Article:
A recent review of 22 scientific studies shows that adding a resistance program such as lifting weights to endurance sports such as running or cycling can increase muscle size and strength, with greater benefit from low volume, high-resistance weight lifting than high volume, lower-resistance exercise (Human Movement, July 23, 2020;21(4);18-29). It showed little, if any, benefit for competitive endurance events because resistance exercise does not increase VO2max, the maximal amount of oxygen that a person can take in and use (Med Sci Sports Exerc, 2002;34(8): 1351–1359; Sports Med, Aug 2016;46(8):1029-39).
Other studies show mixed results on whether runners and bicycle racers can run and cycle faster with added strength training, but most studies show limited benefit because runners can do their strength training just by running their intervals faster and cyclists by pedaling harder (Scand J Med Sci Sports, 2010 Oct;20 Suppl 2:11-23).
The limiting factor for how fast an endurance athlete can run or cycle is the time it takes to move oxygen into muscles, and that is improved only by training that involves shortness of breath. Some studies show that endurance exercise interferes with muscle growth by activation of AMPK, by inhibiting protein-synthesis, or by limiting the mTOR pathway (Med Sci Sports Exerc, 2006 Nov;38(11):1965-70).
Strength Training for Core and Upper Body, Not Legs
Most runners and cyclists should do resistance training only for their core and upper body, and use their legs during their endurance exercise. A major problem with adding a weight lifting program for the legs to running or cycling is a marked increase in risk for leg injuries. Ideal training for endurance is to go more intensely on one day, damage your Z-lines in your muscle fibers, and feel delayed onset muscle soreness (DOMS) on the next day. (DOMS is necessary for gaining strength.)
The involved muscles are weaker and would interfere with any attempted intense endurance workout or resistance exercise on the next day (Sports Med, 2017 Nov;47(11):2187-2200). You are supposed to exercise slowly and easily for as many days as it takes for the soreness to lessen. Therefore you cannot do resistance training for your legs on a day when your legs are recovering from the previous day’s intense workout.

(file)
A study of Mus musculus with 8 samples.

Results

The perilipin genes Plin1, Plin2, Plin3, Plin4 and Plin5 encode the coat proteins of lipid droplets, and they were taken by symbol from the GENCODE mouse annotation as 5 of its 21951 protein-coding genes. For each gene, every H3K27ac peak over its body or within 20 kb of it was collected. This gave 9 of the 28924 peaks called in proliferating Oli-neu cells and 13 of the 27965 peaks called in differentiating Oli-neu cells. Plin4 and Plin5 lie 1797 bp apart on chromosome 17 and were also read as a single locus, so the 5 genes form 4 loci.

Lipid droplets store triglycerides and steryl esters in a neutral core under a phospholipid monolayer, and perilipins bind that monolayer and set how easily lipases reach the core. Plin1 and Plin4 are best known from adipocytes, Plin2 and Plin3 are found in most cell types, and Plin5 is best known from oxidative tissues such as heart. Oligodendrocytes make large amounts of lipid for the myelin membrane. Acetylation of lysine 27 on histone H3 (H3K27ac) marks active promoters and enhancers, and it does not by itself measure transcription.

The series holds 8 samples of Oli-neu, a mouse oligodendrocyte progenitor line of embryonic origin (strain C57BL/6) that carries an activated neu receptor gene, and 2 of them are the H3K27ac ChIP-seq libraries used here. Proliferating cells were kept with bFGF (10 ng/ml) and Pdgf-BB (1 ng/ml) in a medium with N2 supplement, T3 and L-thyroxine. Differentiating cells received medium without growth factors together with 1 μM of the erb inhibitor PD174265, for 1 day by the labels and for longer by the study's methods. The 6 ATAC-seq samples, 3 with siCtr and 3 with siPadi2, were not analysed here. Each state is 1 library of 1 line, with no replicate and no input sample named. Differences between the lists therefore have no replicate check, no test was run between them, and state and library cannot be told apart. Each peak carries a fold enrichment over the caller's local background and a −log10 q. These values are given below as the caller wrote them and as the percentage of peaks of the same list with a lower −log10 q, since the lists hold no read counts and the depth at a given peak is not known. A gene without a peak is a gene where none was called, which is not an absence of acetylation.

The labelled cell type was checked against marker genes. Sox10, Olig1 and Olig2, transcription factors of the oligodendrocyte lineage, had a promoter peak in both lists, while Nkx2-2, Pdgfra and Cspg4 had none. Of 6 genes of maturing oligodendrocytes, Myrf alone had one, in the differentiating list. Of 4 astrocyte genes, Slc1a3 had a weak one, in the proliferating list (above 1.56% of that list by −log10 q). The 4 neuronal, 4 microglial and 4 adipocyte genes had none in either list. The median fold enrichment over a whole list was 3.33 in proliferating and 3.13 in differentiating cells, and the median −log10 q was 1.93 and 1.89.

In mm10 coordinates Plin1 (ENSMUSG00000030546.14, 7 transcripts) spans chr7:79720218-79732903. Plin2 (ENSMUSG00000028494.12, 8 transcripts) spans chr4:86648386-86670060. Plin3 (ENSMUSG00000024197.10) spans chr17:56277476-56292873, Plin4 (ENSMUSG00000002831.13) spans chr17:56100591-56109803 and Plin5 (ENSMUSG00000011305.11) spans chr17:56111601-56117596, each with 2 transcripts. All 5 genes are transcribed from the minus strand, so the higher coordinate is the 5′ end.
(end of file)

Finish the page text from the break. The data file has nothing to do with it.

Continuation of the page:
For at least a day after lifting weights, an athlete is at high risk for tearing muscle fibers if he attempts an intense endurance workout. Thus you would need to do your intense endurance workouts and your resistance exercises on the same day, and this increases risk for injuring yourself. If you want to add leg resistance exercises to a leg endurance program, you must learn to recognize the signs of overtraining and back off when your muscles feel excessively fatigued or sore.
• Non-competitive runners and cyclists should alternate faster and more intense days with slower recovery days, do strength training only for their core and upper body, and not do resistance training on their legs. Combining endurance and strength training on the same muscle groups increases risk for injury. Most competitive athletes should also follow this program.
• Elite runners and cyclists may want to combine leg strength training with leg endurance training, but they should do the strength training not more than twice a week, only on hard days (after an intense endurance workout), and never on recovery days. They should skip the weight workouts when their muscles feel excessively sore or tight, stop the strength training workouts during their competitive season, and hope that they do not suffer injuries.
Gabe Mirkin, M.D., is a sports medicine doctor and fitness guru. A practicing physician for more than 50 years and a radio talk show host for 25 years, Dr. Mirkin has run more than 40 marathons and is now a serious tandem bike rider with his wife, Diana. His website is http://drmirkin.com/. Click to read Gabe's full bio.